Unable to anticipate or plan for COVID-19's enormous and ongoing effects, countless businesses continue to plunge into uncertainty. More than 100,000 small businesses have closed permanently so far, citing the pandemic as the cause, and more are expected to follow. As businesses try to navigate these changing winds and are called upon to reinvent the way they connect with and sell to customers, here are three ways in which they can adjust their sails.
Change delivery at scale. One of the biggest challenges of the COVID-19 pandemic is that delivery methods for goods and services have drastically changed. Dining in at a restaurant or crawling the mall for the trendiest looks still aren’t an option in many highly impacted areas. Because of this, businesses need to consider changing the way they deliver services. It could mean adding a digital or remote component and adopting more modern services. Many restaurants have switched to a takeout model to keep staff utilized and manage fixed expenses, and have also modernized with online ordering and payment options. This makes it more convenient for customers, who can place their order online, pay through the portal and then drive to the restaurant for hassle-free and reduced-contact curbside pickup.
Another example is retail’s investing in stronger e-commerce capabilities. Instead of sifting through racks, customers can go online and check out their options remotely. Retailers may find it valuable to invest in augmented reality (AR) capabilities, which allow shoppers to upload their picture and “try on” clothes virtually before purchase. Small businesses should pause and investigate how they can change the way they deliver their services. For instance, where online delivery might not have been seen as essential pre-COVID-19, many small businesses have now added online inventory to their website, as well as curbside pickup. This ensures that a small business keeps the customer top of mind, moving forward with a plan that scales for what best fits its business model.
Change or shift customers’ desired outcomes. Once businesses shift delivery options, they must figure out how to be successful in the new landscape and with their new tactics. This might require a series of supply-chain changes, e-commerce updates, or workflow adjustments. Businesses can’t expect to continue operating in the same ways they did prior to COVID-19. For instance, to revisit the restaurant example, the focus on takeout will require purchasing to ramp up to-go container orders, while possibly offering an abbreviated menu to streamline food purchases.
Businesses will also want to consider a shift in marketing tactics to manage customer expectations and desired outcomes. Communicating clearly with consumers will be vital. What services are now available? How do they meet the customers’ needs? What will be asked of customers when engaging with your business? Will they need to wear a mask, wash their hands upon entry or comply with a temperature check? By managing expectations, businesses will be able to shift customer outlook and desired outcome to an attainable goal. This will also ensure that the customer knows what to expect, and will help them conclude they had a positive experience.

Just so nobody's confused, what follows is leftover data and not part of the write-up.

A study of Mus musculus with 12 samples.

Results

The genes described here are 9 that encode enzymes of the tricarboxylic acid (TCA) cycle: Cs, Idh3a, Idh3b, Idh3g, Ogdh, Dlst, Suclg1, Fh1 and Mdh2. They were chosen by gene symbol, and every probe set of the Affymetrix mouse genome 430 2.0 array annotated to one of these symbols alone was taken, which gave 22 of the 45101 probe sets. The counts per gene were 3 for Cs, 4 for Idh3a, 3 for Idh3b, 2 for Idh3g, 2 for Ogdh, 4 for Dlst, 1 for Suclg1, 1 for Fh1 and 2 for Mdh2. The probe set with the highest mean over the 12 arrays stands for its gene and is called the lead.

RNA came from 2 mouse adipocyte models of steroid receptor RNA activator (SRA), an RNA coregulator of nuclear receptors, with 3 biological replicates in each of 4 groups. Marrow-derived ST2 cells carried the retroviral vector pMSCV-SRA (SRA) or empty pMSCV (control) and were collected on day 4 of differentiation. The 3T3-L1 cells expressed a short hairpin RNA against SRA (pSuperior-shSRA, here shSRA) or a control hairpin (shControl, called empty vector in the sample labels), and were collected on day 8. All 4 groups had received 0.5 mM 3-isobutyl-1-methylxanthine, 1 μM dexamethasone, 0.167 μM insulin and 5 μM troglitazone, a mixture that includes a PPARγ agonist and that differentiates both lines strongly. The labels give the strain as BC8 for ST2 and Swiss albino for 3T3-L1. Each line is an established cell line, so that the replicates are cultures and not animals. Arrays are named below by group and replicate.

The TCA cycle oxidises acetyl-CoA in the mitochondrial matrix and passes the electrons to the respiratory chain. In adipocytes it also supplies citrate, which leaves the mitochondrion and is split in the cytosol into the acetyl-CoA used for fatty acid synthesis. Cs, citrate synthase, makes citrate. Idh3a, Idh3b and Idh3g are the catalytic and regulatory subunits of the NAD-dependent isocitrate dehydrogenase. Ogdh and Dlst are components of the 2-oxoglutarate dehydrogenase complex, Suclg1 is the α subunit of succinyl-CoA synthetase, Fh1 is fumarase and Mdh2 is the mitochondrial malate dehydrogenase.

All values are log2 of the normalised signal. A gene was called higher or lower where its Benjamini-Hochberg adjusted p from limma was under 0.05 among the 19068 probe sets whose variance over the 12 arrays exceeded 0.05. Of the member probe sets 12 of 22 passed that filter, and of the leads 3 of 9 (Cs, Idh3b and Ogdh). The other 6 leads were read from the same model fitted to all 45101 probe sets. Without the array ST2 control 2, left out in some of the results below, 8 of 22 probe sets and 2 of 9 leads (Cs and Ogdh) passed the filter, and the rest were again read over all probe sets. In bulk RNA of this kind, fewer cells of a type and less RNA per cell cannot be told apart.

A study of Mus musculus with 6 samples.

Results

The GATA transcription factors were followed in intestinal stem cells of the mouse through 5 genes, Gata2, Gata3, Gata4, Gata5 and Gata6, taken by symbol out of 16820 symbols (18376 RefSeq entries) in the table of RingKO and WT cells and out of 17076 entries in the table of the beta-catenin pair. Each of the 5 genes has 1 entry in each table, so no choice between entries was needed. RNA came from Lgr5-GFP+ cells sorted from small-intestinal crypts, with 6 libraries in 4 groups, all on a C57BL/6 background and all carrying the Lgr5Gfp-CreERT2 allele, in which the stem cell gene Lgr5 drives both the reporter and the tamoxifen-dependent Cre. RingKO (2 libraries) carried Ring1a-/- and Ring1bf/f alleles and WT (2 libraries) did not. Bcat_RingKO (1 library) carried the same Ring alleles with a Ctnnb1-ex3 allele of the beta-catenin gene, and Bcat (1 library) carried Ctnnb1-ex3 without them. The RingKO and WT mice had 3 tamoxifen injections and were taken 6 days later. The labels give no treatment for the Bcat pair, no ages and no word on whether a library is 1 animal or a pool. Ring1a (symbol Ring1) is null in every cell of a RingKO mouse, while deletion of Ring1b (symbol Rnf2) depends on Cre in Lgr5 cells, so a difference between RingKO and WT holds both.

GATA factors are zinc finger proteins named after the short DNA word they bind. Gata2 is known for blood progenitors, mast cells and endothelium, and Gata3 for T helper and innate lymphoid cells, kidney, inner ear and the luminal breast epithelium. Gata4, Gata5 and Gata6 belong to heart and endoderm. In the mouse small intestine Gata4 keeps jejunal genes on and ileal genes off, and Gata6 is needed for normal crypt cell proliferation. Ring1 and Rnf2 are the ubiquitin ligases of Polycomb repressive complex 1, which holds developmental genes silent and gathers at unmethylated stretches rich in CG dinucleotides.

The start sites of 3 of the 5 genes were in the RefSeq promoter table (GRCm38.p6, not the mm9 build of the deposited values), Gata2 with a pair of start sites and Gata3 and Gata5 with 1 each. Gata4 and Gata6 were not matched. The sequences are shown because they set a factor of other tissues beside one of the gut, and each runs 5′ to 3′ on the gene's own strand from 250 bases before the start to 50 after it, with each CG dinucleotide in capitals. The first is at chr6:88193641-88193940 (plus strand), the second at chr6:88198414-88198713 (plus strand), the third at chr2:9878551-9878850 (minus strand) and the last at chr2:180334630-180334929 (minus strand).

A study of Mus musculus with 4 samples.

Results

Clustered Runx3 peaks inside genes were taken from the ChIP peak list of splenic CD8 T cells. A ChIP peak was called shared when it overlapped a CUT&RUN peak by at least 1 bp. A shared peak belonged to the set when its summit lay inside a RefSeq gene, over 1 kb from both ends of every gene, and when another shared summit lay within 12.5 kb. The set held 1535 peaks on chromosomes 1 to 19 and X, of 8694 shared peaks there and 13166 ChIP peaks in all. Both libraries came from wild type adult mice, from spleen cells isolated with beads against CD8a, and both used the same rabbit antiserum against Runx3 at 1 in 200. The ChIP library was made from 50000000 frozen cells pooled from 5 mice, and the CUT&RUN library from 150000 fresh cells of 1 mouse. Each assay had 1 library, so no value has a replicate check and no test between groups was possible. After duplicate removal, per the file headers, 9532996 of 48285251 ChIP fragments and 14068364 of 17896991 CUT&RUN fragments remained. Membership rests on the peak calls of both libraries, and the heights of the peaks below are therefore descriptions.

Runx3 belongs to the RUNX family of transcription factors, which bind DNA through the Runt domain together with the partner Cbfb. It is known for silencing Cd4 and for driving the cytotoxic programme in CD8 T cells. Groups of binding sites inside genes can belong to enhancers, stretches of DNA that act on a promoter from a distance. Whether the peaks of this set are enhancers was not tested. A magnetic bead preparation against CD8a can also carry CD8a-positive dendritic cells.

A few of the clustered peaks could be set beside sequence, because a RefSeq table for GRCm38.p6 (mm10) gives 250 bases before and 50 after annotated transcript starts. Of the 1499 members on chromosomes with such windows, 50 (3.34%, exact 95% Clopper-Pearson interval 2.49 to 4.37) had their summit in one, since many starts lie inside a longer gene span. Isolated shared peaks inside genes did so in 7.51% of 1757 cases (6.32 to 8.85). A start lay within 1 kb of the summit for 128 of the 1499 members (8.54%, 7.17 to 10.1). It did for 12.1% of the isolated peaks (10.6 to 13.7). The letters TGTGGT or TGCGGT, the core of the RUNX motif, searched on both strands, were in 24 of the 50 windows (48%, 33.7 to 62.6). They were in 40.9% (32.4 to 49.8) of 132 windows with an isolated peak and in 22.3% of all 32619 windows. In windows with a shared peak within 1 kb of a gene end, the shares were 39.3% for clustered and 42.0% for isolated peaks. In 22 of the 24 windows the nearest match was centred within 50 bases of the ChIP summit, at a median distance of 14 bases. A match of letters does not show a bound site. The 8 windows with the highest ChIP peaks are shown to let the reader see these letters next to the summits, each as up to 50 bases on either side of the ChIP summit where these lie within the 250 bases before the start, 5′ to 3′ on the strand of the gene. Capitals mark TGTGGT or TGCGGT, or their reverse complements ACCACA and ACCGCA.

Change the scope of the business. This is the most dramatic of the three changes, but will be well worth the effort if it keeps you in business. This tactic has businesses setting aside their primary services for now, to fulfill unmet needs and find new ways to deliver value. It might also mean repurposing existing assets to create a new product or service. Look to education, healthcare, hospitality, and other consumer goods industries as examples. Some sports equipment manufacturers shifted their focus to start producing personal protective equipment (PPE) for healthcare workers. The travel industry saw hotels and private rentals transition into places where healthcare workers could quarantine from their families while working in hotspots. Education has shifted to remote learning, and so on.
As businesses try to survive the economic storm caused by the lockdown, they should consider how they can reimagine their services to weather the current climate. It looks like it will be around for a while, perhaps even with a second and third wave. So it’s a good idea to have a plan in place sooner rather than later to navigate the changing tides. For some industries and organizations, perhaps just one of these shifts will be a strong solution. However, some might have to do more than one, or potentially all three, to thrive in the new normal. By taking a step back and assessing what the customer needs now, businesses will find their path to reinvention.
John Frazier is chief operating officer of Synoptek.